You raised a fabulous question I've been chewing on: "dumbing down arrangements", especially on "Almost". Since I write in a lot of styles, it's a conscious choice for me, and I'll explain why:
it's a matter of using a vocabulary your audience understands.
If the audience was just you and me, for example, we could sing 12-tone rows and poly-chordal arrangements, and groove on those. I've written some of those. Contemporary acapella lovers can go pretty far afield with nameless chords, poly-rhythms and hair-pin changes of style - if that's your audience, you write for them. I suppose the far extreme might be cartoon character Hank (King of the) Hill saying "I like both kinds of music, country AND western." - for Hank's ilk, you don't even sing a 6th chord because they'd hear those chords as "errors"
Kinda like singing in Latin or French - right for the right crowd & wrong for the wrong crowd - depends on how well your audience knows the vocabulary by the time you are done.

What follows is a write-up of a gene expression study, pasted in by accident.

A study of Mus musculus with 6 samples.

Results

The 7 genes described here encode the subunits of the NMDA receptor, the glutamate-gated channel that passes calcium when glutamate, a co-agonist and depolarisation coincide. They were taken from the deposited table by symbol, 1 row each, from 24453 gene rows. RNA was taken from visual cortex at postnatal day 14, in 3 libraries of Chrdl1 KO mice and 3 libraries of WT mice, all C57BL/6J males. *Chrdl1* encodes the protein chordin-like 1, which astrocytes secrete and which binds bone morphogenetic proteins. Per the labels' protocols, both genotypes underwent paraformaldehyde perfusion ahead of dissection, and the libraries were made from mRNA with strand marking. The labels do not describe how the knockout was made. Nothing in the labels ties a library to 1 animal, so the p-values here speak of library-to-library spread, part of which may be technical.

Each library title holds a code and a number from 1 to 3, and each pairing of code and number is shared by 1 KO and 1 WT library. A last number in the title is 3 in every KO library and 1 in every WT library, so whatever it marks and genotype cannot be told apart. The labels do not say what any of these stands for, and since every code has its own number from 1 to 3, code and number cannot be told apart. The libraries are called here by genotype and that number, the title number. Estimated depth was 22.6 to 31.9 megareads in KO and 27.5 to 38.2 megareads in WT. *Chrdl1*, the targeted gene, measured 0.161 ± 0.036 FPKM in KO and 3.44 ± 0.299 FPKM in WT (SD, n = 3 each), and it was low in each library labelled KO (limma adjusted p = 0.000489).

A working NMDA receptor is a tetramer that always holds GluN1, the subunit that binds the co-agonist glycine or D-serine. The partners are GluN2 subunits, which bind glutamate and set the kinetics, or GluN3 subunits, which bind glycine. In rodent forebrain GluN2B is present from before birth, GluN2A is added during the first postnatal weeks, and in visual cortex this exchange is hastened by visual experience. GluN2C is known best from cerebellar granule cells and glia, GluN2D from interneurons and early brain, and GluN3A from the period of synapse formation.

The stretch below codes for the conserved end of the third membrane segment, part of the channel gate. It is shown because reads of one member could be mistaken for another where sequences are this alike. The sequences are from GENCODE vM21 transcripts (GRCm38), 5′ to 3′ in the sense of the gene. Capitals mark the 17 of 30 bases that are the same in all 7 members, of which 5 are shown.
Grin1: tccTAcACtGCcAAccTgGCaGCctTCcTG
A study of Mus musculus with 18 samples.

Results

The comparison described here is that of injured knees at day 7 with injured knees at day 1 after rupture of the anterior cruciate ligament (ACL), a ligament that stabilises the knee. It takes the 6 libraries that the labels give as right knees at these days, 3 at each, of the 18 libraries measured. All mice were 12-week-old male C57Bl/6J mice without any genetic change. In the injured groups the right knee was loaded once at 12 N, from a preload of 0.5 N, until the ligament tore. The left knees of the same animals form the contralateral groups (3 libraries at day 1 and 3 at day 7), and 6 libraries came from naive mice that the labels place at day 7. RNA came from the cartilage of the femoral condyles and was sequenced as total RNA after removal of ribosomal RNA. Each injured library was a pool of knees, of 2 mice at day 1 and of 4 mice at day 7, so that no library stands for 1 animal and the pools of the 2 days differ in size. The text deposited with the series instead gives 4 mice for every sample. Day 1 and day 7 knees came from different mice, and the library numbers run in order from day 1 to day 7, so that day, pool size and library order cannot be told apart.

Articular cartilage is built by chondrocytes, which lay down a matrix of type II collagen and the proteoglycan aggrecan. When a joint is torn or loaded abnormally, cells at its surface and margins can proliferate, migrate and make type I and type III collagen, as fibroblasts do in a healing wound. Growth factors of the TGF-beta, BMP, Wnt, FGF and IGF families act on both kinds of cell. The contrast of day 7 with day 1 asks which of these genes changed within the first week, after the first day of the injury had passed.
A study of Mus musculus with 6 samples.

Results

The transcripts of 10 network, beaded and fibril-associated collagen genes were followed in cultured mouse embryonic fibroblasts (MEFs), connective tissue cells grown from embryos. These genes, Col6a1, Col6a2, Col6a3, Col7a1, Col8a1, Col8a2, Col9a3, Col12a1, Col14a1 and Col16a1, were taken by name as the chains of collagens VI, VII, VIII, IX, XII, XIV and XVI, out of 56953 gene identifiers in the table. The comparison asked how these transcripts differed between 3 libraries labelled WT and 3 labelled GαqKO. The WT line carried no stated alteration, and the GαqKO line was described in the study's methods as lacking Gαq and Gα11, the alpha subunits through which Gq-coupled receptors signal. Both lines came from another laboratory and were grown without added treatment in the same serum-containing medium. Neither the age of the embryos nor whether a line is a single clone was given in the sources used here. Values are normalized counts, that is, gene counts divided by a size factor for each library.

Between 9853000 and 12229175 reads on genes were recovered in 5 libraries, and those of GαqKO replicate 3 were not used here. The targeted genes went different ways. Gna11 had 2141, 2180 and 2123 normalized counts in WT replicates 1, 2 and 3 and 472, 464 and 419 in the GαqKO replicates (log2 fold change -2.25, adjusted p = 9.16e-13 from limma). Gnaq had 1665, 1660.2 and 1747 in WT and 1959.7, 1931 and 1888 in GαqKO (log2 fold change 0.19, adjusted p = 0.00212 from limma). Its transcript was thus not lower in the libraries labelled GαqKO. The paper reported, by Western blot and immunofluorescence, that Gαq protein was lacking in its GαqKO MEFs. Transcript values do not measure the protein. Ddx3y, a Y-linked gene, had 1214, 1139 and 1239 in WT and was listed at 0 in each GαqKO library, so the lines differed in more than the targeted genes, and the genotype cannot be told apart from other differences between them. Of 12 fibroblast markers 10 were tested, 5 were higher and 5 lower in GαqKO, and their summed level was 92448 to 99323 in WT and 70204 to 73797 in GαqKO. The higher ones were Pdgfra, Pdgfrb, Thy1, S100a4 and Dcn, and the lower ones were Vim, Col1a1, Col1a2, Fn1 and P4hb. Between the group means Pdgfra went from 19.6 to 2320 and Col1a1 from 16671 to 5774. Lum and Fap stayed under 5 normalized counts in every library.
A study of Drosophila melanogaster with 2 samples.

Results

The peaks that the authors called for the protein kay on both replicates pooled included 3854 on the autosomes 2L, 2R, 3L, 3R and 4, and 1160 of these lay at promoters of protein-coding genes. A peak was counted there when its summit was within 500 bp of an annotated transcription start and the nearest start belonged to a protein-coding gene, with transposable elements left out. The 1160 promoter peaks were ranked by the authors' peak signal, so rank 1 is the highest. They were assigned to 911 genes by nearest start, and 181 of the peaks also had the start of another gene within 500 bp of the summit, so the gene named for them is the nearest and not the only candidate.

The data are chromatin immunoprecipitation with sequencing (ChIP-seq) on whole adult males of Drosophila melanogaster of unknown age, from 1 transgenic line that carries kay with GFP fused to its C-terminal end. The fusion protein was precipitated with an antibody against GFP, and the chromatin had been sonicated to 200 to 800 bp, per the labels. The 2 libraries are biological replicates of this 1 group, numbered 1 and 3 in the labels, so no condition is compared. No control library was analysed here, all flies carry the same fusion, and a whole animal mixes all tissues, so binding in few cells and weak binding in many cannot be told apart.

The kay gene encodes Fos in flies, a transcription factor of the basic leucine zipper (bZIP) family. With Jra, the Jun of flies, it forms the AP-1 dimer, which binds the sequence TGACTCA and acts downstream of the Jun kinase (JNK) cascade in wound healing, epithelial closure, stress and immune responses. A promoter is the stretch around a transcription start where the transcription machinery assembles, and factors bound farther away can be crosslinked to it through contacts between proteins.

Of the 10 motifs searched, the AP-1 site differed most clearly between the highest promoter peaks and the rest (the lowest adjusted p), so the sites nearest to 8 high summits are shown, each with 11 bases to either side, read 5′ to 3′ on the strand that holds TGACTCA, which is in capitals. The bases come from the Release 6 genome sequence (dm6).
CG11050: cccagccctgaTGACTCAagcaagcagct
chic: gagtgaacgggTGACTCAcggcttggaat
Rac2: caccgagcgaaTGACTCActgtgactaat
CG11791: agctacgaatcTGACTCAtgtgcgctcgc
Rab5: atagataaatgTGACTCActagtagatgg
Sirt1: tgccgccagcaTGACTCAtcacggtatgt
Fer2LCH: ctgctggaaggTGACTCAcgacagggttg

Now consider what little we know of the judges of the Forest Grove Barbershop Ballad competition and the opinions of the coach we had who has judged that event. Recall in "Nose to Nose" that his ear objected to the no-fifth chord at the end and wanted a full chord. In "Wink", one sixteenth note of an open fifth chord ("old jalopy") needed a third to be fixed, and we did it and will do it. But this gives us a strong clues on what vocabulary his barbershop audience will understand - and it doesn't include 2 note chords. By extrapolation, most of the audiences we will have will understand BBS style, since our agent Tom's contacts are in that world.
"Almost" uses vocabulary the barbershop crowd will ALMOST but not quite understand: open fifth beginning, (to that ear, making our first sound to sound "wrong") major 7 9 6 chords in tag ("al-most like"), and the swipe ending the intro.
Generally, the mutually exclusive alternatives are:
- present and teach a new language entertainingly.
- let the audience dislike what you are doing.
- cater to the audience's familiarities
- re-arrange the tune to the style (I don't like the idea - the arrangement we have has it's own quirky charm, and I personally LIKE those quirks, so we use it in less judgmental moments in performance)
- accept the distrust the audience will give us by doing it the way we like, but hopefully redeeming ourselves by educating those ears to a new vocabulary (Don't like this risky plan, either) or
- choose a different tune for that audience.
Simplest and most respectful answer: choose a different tune.